Katie Swanson, Stewardship Coordinator, talks to teachers Tammy Ladner and Liz Abel about the Reserve's marine debris monitoring program. Photo credit: Amanda Taylor.
This summer, the University of Texas Marine Science Institute presented Teachers on the Estuary professional development workshops for 42 middle and high school science teachers. The goal of the workshops was to help teachers access and use real scientific data in classroom activities that expose students to real-world problems. The topics covered in the workshops ranged from explorations of the Earth’s tectonic plate movements and ocean currents to ocean drift vegetation and the problem of marine debris.
The workshop sessions allowed teachers to practice what they will later teach to their students. The teachers visualized movements of the Earth’s tectonic plates and ocean currents on the Science-on-a-Sphere display system at the Bay Education Center, in Rockport. They were later introduced to a new visualization system for flat screens that they can use in their own classrooms to teach about plate tectonics, ocean currents, and many other Earth science topics. Teachers, including Lia Phillips from Port Aransas, use discovery scopes to peer at the surfaces of marine organisms. Photo credit: Amanda Taylor.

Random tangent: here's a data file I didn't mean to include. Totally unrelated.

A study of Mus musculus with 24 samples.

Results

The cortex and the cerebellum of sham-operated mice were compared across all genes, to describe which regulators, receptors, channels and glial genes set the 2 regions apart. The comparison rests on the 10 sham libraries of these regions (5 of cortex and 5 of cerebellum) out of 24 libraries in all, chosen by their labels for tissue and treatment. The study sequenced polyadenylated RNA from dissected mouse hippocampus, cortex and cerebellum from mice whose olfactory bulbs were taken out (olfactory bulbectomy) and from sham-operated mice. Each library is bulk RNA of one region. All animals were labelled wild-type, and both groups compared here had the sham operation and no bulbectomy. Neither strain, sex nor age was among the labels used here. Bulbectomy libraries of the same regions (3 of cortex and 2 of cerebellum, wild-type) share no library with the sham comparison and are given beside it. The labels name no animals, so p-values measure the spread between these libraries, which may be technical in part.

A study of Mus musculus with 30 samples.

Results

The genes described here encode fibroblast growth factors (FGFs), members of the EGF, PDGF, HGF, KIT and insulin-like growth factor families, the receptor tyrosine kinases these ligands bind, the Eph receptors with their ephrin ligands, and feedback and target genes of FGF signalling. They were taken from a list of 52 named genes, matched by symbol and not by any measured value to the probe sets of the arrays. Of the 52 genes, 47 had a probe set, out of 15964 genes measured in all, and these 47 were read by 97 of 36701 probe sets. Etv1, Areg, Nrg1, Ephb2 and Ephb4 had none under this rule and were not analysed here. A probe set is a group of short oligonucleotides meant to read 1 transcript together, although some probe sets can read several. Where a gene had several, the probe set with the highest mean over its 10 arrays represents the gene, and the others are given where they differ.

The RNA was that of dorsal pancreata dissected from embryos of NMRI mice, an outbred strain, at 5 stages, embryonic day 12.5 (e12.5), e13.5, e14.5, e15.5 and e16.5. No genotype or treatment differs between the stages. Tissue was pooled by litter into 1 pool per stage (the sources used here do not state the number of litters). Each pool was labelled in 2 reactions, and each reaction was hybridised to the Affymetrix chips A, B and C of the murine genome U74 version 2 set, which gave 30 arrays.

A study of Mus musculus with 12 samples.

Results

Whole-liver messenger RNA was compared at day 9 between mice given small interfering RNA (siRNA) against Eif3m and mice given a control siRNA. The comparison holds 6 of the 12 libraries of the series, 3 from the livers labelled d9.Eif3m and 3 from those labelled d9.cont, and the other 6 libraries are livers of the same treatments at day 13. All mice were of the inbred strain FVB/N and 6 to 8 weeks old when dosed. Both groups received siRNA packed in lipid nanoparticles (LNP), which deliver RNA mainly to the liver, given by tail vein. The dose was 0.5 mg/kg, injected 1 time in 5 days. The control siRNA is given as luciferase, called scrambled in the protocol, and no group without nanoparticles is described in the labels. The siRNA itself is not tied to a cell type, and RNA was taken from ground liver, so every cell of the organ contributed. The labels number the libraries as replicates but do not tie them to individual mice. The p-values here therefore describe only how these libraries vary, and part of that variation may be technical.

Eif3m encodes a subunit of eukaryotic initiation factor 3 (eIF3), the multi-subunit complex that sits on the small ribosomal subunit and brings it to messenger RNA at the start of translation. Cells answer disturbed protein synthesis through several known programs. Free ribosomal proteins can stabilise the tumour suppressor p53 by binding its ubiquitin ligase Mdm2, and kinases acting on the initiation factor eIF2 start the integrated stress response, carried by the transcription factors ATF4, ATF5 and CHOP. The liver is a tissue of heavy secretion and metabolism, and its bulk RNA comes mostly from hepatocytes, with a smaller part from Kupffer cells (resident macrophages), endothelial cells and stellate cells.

Teachers learned that the movements of ocean drift vegetation can tell us much about ocean currents and the global nature of marine debris. Each teacher received drift vegetation collections to take back to their classrooms. The collections were created by Coastal Bend residents, Sam and Mike Burnett, and donated by Rhonda Cummins of Texas Sea Grant. The teachers conducted a marine debris field monitoring activity, under the guidance of Katie Swanson, the Mission-Aransas Reserve’s stewardship coordinator. The teachers learned how to access real marine debris monitoring data online and apply these data in problem solving activities that they can use with students in the classroom.
The teachers who participated in the workshops were part of the Texas State Aquarium Science Collaborative, which provided a portion of the funding for the workshops. Additional funding was provided by a National Oceanic and Atmospheric Administration Bay Watershed Education and Training grant and the Mission-Aransas National Estuarine Research Reserve (Reserve).
for more information about these professional development workshops.